With an elevatedrate and the stock market testing the risk tolerance of investors, you may be wondering how you can both protect and grow your savings. Two account types that offer lower risk than the stock market and higher returns than traditional accounts are and .
But what are the key differences between the two and which is better for you? In this article, we will break down exactly what you need to know.
How are high-yield savings accounts and money markets similar?
High-yield savings accounts and money market accounts have many similarities.
First, both account types are insured up to $250,000 per account by the Federal Deposit Insurance Corporation (FDIC) or National Credit Union Association (NCUA) when held at insured institutions.
Higher APYs than standard savings accounts
Next, they both come with variable annual percentage yields (APYs) that are higher than those offered with traditional savings accounts.
The average national APY on traditional savings accounts currently sits at 0.40% while money market accounts average 0.57%, according to the FDIC.
High-yield savings accounts aren't included in the FDIC report but a quick look around reveals APYs ranging from— and up to 5% can be found with a bit of hunting.
It's also worth noting that while the national average APY on a money market account is 0.57%, many banks and credit unions are currently offering rates in the 3% to 5% range.
"Both pay interest at higher rates than traditional savings and checking accounts, and at present the rates for each are very similar, in the 4.0% - 4.5% range," says Chris Rivers, CFP, CRPC, and principal at Armstrong, Fleming, and Moore, Inc.
Another similarity between the two account types? Both can be subject to withdrawal and transfer limits under Regulation D.
Regulation D is a federal law that previously limited the number of monthly withdrawals and transfers you could make from a savings deposit account to six. If you exceeded the limit, your financial institution could charge you a fee or close/convert your account.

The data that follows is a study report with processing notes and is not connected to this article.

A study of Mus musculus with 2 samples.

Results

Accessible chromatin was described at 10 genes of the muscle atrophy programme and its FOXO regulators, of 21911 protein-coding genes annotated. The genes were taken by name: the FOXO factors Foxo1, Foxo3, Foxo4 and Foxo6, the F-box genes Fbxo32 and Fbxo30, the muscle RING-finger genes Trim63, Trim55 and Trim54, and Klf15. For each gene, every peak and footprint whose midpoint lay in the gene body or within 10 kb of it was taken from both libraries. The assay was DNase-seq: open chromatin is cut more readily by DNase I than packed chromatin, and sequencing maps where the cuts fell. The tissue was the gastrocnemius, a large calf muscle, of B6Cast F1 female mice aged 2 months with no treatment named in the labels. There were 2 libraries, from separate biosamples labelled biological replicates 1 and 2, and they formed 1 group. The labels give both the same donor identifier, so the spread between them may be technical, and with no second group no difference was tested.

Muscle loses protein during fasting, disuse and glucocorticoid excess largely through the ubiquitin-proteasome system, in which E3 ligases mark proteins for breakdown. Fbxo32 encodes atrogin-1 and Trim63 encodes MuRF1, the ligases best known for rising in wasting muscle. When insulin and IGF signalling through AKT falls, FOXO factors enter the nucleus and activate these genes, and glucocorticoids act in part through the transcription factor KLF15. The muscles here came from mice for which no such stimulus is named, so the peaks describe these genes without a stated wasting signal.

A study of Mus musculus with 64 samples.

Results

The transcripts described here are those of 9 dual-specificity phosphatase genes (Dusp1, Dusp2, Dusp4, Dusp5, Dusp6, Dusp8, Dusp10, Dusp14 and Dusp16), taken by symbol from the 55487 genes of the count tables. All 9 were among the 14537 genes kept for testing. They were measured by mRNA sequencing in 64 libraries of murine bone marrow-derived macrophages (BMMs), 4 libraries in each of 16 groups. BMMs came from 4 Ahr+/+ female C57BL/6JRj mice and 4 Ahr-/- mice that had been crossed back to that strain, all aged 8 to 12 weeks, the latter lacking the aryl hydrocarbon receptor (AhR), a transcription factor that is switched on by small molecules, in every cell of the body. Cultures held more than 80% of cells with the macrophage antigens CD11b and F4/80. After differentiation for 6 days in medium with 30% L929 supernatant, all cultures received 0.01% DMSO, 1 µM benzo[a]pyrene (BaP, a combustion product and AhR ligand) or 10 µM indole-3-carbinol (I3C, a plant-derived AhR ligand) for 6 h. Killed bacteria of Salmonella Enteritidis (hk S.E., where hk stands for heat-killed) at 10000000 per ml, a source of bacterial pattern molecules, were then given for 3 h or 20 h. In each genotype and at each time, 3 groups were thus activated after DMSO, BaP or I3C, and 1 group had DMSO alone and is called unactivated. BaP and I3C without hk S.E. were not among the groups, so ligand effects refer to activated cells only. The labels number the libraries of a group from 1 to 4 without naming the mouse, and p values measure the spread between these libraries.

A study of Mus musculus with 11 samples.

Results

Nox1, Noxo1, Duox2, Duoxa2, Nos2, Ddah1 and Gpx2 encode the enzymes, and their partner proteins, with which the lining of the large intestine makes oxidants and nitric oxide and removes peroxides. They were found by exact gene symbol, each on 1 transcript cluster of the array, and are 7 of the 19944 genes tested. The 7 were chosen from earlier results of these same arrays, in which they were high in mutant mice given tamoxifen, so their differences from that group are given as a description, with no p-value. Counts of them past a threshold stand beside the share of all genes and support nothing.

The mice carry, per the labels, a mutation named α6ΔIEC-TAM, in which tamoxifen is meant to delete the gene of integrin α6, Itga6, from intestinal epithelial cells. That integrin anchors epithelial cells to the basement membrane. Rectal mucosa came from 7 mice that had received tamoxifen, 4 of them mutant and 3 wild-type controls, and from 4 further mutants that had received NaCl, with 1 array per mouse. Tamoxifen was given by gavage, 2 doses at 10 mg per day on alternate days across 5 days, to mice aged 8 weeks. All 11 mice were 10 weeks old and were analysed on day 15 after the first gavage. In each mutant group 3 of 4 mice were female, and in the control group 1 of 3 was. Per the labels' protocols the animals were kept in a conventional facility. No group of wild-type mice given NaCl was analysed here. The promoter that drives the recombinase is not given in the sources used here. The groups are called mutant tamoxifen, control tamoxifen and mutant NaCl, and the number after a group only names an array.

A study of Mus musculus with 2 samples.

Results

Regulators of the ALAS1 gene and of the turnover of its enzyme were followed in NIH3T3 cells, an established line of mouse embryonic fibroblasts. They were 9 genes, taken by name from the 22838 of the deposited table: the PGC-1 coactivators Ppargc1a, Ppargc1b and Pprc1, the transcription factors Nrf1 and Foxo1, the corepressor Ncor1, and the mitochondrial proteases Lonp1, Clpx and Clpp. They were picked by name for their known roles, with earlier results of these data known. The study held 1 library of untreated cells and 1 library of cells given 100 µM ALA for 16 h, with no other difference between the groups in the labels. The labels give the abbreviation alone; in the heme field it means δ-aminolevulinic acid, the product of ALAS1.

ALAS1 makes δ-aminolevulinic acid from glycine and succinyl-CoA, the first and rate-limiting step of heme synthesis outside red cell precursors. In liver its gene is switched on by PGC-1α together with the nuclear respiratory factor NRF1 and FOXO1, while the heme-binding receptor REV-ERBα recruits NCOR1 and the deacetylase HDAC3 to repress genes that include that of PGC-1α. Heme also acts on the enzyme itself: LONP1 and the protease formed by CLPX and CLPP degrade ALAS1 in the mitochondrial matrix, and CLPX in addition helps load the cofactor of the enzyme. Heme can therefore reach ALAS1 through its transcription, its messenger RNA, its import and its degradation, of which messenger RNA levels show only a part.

During the pandemic, the limit on savings deposit accounts was made optional and it has yet to be changed back. So, now banks and credit unions can decide whether or not your high-yield savings or money market account will have limited withdrawals or not. That's why it makes sense to.
Minimum required deposits or balances
With both accounts, your ability to earn the APY may hinge on meeting initial deposit or ongoing balance requirements. Again, try to. Both account types can also come with monthly fees. It's important to pay close attention to any fees as they can quickly negate your interest earnings.
Financial institutions may offer ATM/debit cards and check-writing privileges with both types of accounts, granting you easier access to the funds.
How are high-yield savings accounts and money markets different?
As the name suggests, money market accounts pay interest based on the current interest rates in the money market — a marketplace of savings products and short-term funds.
With, financial institutions typically use the money you deposit to make loans to other people and businesses.
Aside from that, the differences between the two boil down to account minimums and access to funds.
"High-yield savings accounts tend to have low minimums, but the trade-off is the cash is a bit harder to access, " says Rivers, "They generally require you link to a checking account, and transfer first to the checking account in order to withdraw cash."
He adds, "Money market funds, on the other hand, often allow direct withdrawals, through a debit card or check writing. Here the tradeoff is that money market accounts typically have higher minimum balances. Dip below the minimum and you may incur account fees."
When is a high-yield savings account better?
A high-yield savings account is typically best when you have less to invest but are planning to leave it alone in the account for the foreseeable future. "If you have a smaller amount to deposit, and/or you're comfortable not touching the money for a while, the high-yield savings account can be a good option," says Rivers. Learn more here.
When is a money market account generally better?
Conversely, Rivers explains that a money market account can be better when you have more to invest and need regular access.
The bottom line
When looking for a low-risk account for your savings with decent returns, it's not a bad idea to explore both money market and high-yield savings accounts.
While money market accounts are known for higher deposit limits and easier access, competition has driven lower account limits on money market accounts and greater access to funds with.
"By comparing interest rates, fees, and account benefits, you can make an informed decision on the right account type for your unique financial situation," says Markia Brown, a Certified Financial Education Instructor & Registered Financial Associate at Money Plug, LLC.
She adds, "Interest rates on high-yield savings accounts and money market accounts can also change over time. Monitor your account's interest rate and be prepared to switch to a different account if you find a more competitive rate elsewhere."